Happy 5th birthday, Ontario.ca

Ontario.ca turns five years old today!

Why does this matter? The relaunch of Ontario.ca in 2012 was our first experiment in working differently, using internet-era technologies, and designing a website around user needs instead of government structures. With Ontario.ca, we began a journey of working with every ministry to make it easier for people to interact with their government online.

(In many ways, Ontario.ca is our prequel story, but much better than the Star Wars prequels)

To celebrate, let’s take a short stroll down memory lane and share our startup story.

Getting ready to launch the new Ontario.ca. We ate a lot of fast food.

On November 7, 2012, Ontario.ca became the government’s new official website. The new site featured a common, user-centric design, plain language content and was built using lighter, more flexible and cost-effective technologies: open source Drupal for content management and cloud-based Amazon Web Services for infrastructure hosting.

The new Ontario.ca was the first major deployment of open source and cloud in the Ontario government, setting the stage for more adoption and new ways of working in the years to come.

Ontario government webpages before and after the Ontario.ca launch in 2012.

To complete the first iteration of Ontario.ca five years ago, we worked with ministries to analyze our web traffic, and redesign and publish the government’s most popular pages on the new platform. The first information published on Ontario.ca included:

  • Driver and vehicle licensing
  • Student financial assistance (OSAP)
  • Fishing licenses
  • Birth certificates
  • Address changes on government-issued ID

Ontario.ca became the online destination for the provincial government — a place where we could help users find, use and understand government information and services.

Since then, the site has been continuously improved based on user feedback and data. The team supporting Ontario.ca has worked hard to make government information quicker to access, easier to use and simpler to read. This work continues now as part of the Ontario Digital Service, and we’re excited to continue to build upon the great work that has been done over the past five years.

The re-launch of Ontario.ca, and its subsequent five years, could not have been done without people across the public service working hard and being committed to the user experience. We have many people to thank, including the Ontario.ca team that made this vision a reality, all the ministry teams who made the move to a new platform possible, our colleagues in IT who created the space to experiment, and the leaders across the public service who shined a light on digital and endorsed a new way of working.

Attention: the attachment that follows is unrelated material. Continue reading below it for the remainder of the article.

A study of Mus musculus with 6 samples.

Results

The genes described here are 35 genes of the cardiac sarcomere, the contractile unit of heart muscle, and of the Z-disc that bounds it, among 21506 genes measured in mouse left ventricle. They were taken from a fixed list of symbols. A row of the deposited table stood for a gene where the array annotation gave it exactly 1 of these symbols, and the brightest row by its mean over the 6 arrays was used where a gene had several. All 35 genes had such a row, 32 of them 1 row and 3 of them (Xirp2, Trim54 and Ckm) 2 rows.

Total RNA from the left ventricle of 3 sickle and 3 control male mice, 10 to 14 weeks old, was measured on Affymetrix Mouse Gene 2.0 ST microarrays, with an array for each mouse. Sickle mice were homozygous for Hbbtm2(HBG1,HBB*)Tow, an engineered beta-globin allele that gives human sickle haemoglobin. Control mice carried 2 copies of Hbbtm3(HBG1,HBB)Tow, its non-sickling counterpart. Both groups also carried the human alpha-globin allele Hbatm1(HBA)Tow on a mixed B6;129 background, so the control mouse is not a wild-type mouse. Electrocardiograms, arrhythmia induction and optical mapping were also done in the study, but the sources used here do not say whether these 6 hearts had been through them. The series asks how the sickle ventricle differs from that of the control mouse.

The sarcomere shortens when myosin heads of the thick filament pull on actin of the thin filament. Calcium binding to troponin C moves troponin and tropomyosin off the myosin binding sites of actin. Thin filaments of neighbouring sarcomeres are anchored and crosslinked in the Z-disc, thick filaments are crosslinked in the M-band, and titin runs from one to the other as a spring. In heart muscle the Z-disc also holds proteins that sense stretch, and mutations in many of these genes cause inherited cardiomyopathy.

This past summer, I had the opportunity to talk about the story of Ontario.ca at the Amazon AWS Summit in Washington DC. The video below has more details about our journey, and talks about the importance of allowing teams to experiment and try new things.

Zeena Abdulla tells the story of Ontario.ca at the Amazon AWS Summit in Washington DC.

Here are a few highlights of the past five years:

  • We made sure that users could expect to access government information and services at any time, around-the-clock and without service interruptions, by improving site uptime from around 99% (this meant that the old site could be down for hours at a time) to 99.999%.
  • The new platform was $4m cheaper than the previous one.
  • Ontario.ca received 17% of the government’s web traffic in 2012 compared to 51% in 2017.
  • Every ministry has content published on the site; 14 ministries have completed their full transition to the platform, 5 ministries are in progress, with 12 left to go.
  • Visits from mobile and tablet have jumped almost 15% between 2013 and 2016.
  • The number of pageviews on Ontario.ca nearly doubled between 2013 and 2016.
  • Between October 2016 and September 2017, there have been, on average, almost 9.6 million pageviews per month on Ontario.ca.

Help us celebrate Ontario.ca’s fifth birthday by stopping by the site and seeing what’s new. We’re excited by how far we’ve come in five years, and even more excited by where we’re going to go next.

Over the next few months, we’ll be doing more reflecting about how Ontario.ca came to be, and sharing what we learned with you here. Stay tuned for episodes 2 and 3 (again, much better than Star Wars) of our prequel!


Zeena Abdulla is the Director of Digital Enterprise in the Ontario Digital Service, and one of the founders of the digital government movement in Ontario.